Slovenia – Slovenija – as the local call it – is a small county bordered by Austria in the north, Hungary in the east and Italy and Croatia in the south. It is by and large land-locked except for a small section of the Adriatic coast adjacent Italy.
With a population of 2 million and a low growth rate, the environment in Slovenia has not been placed under the same pressures as those in so many other European nations. Its surfeit of mountains, lakes, rivers, woods and forests and historical monuments has made it one of the most attractive tourist destinations in Europe. And the number of tourists, from what I could see, is set to rise to the point where sooner or later, Slovenia will join Austria and Switzerland in terms of demand – and expense. As it was, we found the accommodation in general, surprisingly expensive – although the food and drinks were very cheap by Western European standards.
Anya and I travelled around Slovenia for about a month. Whilst our main interest was trekking in the mountains of the north-western region, we also travelled south and spent time on the coast, which is dotted with Italian medieval towns; our favourite was Puran, just south of Koper. Slovenija is a country with a surprising diversity of landscapes, both geographic and cultural.
We started our journey in Slovenija’s capital city, Ljubljana. There is nothing remarkable about Ljubljana; it is modern and sterile. There is however a well-preserved historic centre which is worth visiting. The buildings are fine examples of European baroque style and the main thoroughfare is traffic free.
We had a room in a small family hotel in the outskirts of Ljubljana, and walked into the old centre and in this way got a good view of how most everyday people lived. In most of the other former communist regimes, there is still plentiful evidence of the past to be seen especially in the architecture of the buildings. This is far less so in Slovenia, which is one of the most prosperous of the former communist regimes and has a high level of education.
Everywhere we walked there was construction going on, old buildings and houses being renovated and new walkways and roads being constructed. The air was rent by the sound of angle grinders, drills and electric saws. At one point, to escape the noise, we walked into a fine old church, only to discover that the renovation mania had even invaded this holy sanctum.
Most Slovenians are Catholics and like the other people of the former communist nations, they are devout Christians.
Finally, we reached the old city, where the renovation mania was nowhere to be seen.
The following day we caught a train to a small town called Pivka in the south-west of the country. We’d booked a few nights at a family hotel in an outlying village called Trnje.
To get there, we had to walk. It was about 3 kilometres. One way was to walk into Pivka and out to Trnje following the roads. Another way was to cut across the rural area, following dirt roads over low grassy hills. We chose the second option – and got lost. It was sunny and warm. Finally, we got there, worse for wear. The man who ran the hotel, along with his wife, was out working in his garden, when he saw two people with big rucksacks making their way towards him through a field of high grass. It was definitely a one-off he said. Normally people arrived in a car. We stayed there for a few days. The walking was excellent. The terrain is hilly rather than mountainous in this area although there are some high ridges in between. On one of them, visible from the hotel, was a church – we walked up there one day and got caught in a storm – with lots of thunder and lightning. We had to huddle next to the church (it was closed) until the lightning subsided.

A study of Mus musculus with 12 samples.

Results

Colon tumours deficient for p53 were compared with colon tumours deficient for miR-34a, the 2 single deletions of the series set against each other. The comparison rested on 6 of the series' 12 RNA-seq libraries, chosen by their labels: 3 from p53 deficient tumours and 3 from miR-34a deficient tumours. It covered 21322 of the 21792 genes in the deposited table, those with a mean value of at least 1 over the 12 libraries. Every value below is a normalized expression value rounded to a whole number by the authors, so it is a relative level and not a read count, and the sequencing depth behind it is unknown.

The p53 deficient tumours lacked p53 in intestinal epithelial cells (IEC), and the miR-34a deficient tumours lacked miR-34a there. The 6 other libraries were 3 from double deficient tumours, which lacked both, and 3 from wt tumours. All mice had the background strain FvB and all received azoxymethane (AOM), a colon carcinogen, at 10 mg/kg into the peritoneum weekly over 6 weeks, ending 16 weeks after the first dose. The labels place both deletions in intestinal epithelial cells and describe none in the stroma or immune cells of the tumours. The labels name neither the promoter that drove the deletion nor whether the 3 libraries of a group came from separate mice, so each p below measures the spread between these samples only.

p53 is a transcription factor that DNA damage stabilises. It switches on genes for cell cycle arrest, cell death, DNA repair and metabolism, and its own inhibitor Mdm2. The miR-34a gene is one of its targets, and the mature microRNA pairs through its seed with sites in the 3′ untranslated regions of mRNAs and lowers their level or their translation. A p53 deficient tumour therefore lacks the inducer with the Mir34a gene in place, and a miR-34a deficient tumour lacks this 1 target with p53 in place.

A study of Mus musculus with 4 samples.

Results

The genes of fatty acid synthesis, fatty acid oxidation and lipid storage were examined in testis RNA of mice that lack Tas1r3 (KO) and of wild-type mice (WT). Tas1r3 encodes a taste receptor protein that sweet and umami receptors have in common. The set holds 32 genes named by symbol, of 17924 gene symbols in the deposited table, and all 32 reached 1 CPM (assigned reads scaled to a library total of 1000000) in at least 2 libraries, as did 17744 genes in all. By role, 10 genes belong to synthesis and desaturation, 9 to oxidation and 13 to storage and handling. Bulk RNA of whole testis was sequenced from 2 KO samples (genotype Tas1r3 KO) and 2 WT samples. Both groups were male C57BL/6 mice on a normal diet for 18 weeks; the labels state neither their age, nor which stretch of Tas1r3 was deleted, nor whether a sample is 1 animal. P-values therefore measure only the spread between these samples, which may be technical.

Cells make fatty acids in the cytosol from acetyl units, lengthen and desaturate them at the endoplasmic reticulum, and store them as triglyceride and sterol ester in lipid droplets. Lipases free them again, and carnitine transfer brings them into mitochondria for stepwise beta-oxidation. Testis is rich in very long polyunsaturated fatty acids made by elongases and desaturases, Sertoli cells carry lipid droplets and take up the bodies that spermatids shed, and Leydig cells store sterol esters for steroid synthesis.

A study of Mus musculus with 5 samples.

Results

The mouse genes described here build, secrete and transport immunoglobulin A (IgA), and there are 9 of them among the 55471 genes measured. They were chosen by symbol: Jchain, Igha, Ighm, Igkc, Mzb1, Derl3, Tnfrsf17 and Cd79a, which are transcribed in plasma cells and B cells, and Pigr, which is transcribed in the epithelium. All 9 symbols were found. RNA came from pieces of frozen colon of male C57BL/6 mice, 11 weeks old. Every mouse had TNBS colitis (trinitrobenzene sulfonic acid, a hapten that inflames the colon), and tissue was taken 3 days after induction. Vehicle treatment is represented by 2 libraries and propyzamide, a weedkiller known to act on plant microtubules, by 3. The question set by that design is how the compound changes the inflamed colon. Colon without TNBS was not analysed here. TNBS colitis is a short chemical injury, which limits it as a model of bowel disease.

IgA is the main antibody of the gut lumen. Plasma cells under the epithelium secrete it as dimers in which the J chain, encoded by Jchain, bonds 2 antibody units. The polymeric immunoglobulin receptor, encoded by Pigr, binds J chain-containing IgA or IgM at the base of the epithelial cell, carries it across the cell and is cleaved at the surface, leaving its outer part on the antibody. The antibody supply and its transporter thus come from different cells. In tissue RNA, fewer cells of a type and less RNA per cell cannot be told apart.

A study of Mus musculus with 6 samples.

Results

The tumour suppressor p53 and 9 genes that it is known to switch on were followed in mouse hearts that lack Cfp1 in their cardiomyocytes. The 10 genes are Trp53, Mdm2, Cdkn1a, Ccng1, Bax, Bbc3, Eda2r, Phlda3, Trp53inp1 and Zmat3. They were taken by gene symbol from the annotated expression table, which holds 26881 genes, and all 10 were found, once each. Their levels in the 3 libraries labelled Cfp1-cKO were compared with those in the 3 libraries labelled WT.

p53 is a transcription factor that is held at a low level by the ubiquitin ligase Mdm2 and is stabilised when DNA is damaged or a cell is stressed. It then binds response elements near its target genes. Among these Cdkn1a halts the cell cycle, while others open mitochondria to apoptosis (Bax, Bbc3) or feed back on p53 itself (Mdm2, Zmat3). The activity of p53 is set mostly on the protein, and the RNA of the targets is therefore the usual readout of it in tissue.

Scenes from Trnje…
Departing Trnje and walking back to the Pivka railway station, we got lost again.
From Pivka, we head south to the Adriatic coast. This was a completely different area of Slovenia – originally it was a part of Italy, just as much of the neighbouring area of Italy (around Triest) was originally a part of Slovenia. Borders were drawn at the end of the Second World War and Italians were left on the Slovenian side of the border and over a million Slovenians in Italy.
On the Slovenian Adriatic coast, there are three historic towns dating from the medieval Italian era: Koper, Puran and Azola. We stayed in a windowless dungeon in a backstreet of Koper, but the best example of a well preserved Italian medieval town was not to be found here – but in nearby Puran. Walking around Puran in early May (at this point there weren’t too many tourists) it seemed incredible that this also was a part of Slovenia. The difference with the architecture and the culture we had witnessed a few days before in the Slavic Slovenia was dramatic. Incredible to think that such differences exist in such a small country.
Scenes from Piran…..
See also ‘Trekking in the Soca Valley, Part 1’:
Lovely article and beautiful photos. 🙂
I only have one comment on your writing: we Slovenians call our country Slovenija, not Slovenska. Slovenska is just adjective (singular, female form) we use to describe something is somehow connected with Slovenia and/or Slovenians. (e.g. Slovenska zastava = Slovenian flag, Slovenska hrana = Slovenian Cuisine etc.)